It occurred to me tonight that I am starting to follow an old pattern, but in a new way. Without even giving much thought to it, I have been starting to join diverse artist communities in the area and also to try to create or strengthen the artist community in my own town.
Now, part of me is going, “why would you want to put your time and effort into strengthening a community when you could be using that same time and effort in your studio and marketing of your own work?” While another part of me is just bound and determined that it is important to get the artists in our town in the same space to ‘art’ (used as a verb) together, at the same time in a regular fashion. I was musing over the strange dichotomy in my mind tonight when it suddenly clicked for me that community, in any form, is something that I have been quietly passionate about for a long time.
Ever since I lived in my first small apartment building in Calgary, the power of community has been evident to me. This little building had about 12 apartments in it, and most of us were fairly young, so we started to party together as we seemed to get along. And then, it started to go further than that. We started to look out for one another, and help each other out. It was a great comfort to know that there was someone to take me to the doctor when I needed it, and that we kept an eye out for bad apples in the building. We had each other’s backs.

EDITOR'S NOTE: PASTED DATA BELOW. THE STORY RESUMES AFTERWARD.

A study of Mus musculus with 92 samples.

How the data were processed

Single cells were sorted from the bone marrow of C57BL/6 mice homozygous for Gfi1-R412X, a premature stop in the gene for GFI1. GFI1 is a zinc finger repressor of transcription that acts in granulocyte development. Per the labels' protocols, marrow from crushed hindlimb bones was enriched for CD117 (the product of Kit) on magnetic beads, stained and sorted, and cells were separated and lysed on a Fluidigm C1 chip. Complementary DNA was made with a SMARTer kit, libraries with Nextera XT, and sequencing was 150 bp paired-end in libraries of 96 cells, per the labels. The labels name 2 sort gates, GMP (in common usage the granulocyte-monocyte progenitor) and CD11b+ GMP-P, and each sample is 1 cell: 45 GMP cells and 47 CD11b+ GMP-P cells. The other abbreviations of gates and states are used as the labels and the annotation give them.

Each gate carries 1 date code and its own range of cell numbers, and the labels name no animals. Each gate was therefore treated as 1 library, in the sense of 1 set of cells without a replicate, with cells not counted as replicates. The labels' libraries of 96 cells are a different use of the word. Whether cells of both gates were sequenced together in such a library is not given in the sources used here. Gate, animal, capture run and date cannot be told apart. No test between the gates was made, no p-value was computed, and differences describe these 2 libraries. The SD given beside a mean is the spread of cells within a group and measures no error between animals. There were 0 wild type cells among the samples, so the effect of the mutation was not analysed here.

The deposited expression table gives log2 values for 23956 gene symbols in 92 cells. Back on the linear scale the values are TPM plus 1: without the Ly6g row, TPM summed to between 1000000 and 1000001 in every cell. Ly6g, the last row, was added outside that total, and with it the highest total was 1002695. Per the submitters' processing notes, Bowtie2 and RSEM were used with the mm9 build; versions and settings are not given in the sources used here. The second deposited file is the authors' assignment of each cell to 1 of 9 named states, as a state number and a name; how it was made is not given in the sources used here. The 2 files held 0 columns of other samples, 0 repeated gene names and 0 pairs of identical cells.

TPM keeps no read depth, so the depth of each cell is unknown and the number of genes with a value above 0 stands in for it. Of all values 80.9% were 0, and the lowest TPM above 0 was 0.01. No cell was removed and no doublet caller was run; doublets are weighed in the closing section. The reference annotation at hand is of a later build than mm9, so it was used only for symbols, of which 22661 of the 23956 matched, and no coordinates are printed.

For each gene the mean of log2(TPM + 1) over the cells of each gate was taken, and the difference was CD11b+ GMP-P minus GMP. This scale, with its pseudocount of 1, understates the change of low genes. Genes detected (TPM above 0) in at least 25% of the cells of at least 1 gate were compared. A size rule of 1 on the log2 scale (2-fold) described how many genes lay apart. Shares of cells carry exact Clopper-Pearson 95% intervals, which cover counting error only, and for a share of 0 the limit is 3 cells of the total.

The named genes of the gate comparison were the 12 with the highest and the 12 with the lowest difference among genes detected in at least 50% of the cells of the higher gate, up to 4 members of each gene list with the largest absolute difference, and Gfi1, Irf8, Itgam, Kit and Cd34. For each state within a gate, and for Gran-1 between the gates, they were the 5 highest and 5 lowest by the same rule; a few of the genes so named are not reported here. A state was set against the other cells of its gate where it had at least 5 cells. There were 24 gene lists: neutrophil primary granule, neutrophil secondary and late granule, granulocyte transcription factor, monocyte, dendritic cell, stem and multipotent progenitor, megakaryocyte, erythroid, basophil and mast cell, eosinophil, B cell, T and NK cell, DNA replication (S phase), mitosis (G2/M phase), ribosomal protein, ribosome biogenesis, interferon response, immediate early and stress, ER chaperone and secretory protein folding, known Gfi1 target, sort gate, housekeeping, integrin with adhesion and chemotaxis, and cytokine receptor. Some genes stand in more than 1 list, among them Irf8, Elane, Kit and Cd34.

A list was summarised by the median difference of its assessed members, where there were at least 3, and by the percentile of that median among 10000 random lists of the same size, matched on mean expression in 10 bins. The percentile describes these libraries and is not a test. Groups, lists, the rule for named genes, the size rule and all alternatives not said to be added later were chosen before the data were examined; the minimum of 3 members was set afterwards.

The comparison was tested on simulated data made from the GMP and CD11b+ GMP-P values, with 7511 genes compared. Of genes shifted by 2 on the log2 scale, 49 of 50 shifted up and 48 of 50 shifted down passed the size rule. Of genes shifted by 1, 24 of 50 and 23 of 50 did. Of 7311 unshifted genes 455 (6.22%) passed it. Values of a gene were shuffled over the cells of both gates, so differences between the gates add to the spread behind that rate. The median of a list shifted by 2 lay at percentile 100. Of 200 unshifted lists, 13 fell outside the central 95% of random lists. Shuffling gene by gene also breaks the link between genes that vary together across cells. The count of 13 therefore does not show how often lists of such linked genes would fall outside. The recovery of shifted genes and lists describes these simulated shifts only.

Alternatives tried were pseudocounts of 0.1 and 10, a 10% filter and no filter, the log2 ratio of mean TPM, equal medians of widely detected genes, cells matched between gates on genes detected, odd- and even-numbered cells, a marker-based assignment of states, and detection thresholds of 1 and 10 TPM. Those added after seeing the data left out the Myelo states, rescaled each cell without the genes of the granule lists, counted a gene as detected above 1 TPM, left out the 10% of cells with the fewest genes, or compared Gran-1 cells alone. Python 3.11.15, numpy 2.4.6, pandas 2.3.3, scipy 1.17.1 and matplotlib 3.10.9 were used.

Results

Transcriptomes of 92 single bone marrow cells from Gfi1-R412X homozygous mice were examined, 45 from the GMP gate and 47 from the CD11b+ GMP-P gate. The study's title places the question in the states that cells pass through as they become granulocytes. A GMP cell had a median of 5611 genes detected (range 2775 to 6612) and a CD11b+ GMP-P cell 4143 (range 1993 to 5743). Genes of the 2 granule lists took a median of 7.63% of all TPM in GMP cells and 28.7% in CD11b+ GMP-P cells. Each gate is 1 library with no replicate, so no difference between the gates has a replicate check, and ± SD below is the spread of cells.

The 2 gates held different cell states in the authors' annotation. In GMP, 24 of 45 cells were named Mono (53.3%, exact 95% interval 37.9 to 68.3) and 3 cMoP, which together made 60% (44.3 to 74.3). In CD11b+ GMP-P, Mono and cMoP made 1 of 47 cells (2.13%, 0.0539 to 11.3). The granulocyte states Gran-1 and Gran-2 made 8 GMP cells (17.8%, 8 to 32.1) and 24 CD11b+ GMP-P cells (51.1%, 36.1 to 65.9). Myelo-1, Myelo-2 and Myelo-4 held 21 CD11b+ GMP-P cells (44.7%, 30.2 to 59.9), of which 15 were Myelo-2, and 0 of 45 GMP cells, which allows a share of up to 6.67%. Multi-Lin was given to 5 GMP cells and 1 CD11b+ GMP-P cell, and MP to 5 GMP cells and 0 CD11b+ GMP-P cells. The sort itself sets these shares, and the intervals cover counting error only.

An artist community can do much the same thing. We socialize like no others, because we are all just a little whacky (in a fun-loving sort of way, of course!). I have had some great laughs just sitting and painting in a house in Mountain View with a bunch of other artist broads. And we help each other; we take a look at each other’s work and encourage, give appropriate ooh’s and aaah’s, and when asked we will give kind, diplomatic advice on a painting that has stalled. Artists that have been in the ring for a number of years also have great advice for newbies on how to sell, where the good shows are, and what to avoid when starting out.
So, I know I bitch and complain at times when it comes to the volunteer work I do to set up shows and events for artists to get out there and hopefully make a sale or two. But in the end, I have a feeling I will keep doing it, because community is important to me, and art is important to me. Who knows, maybe I might get really good at it and make it profitable someday.
Happy Spring, everyone!
Take care, and lets chat again soon….lol.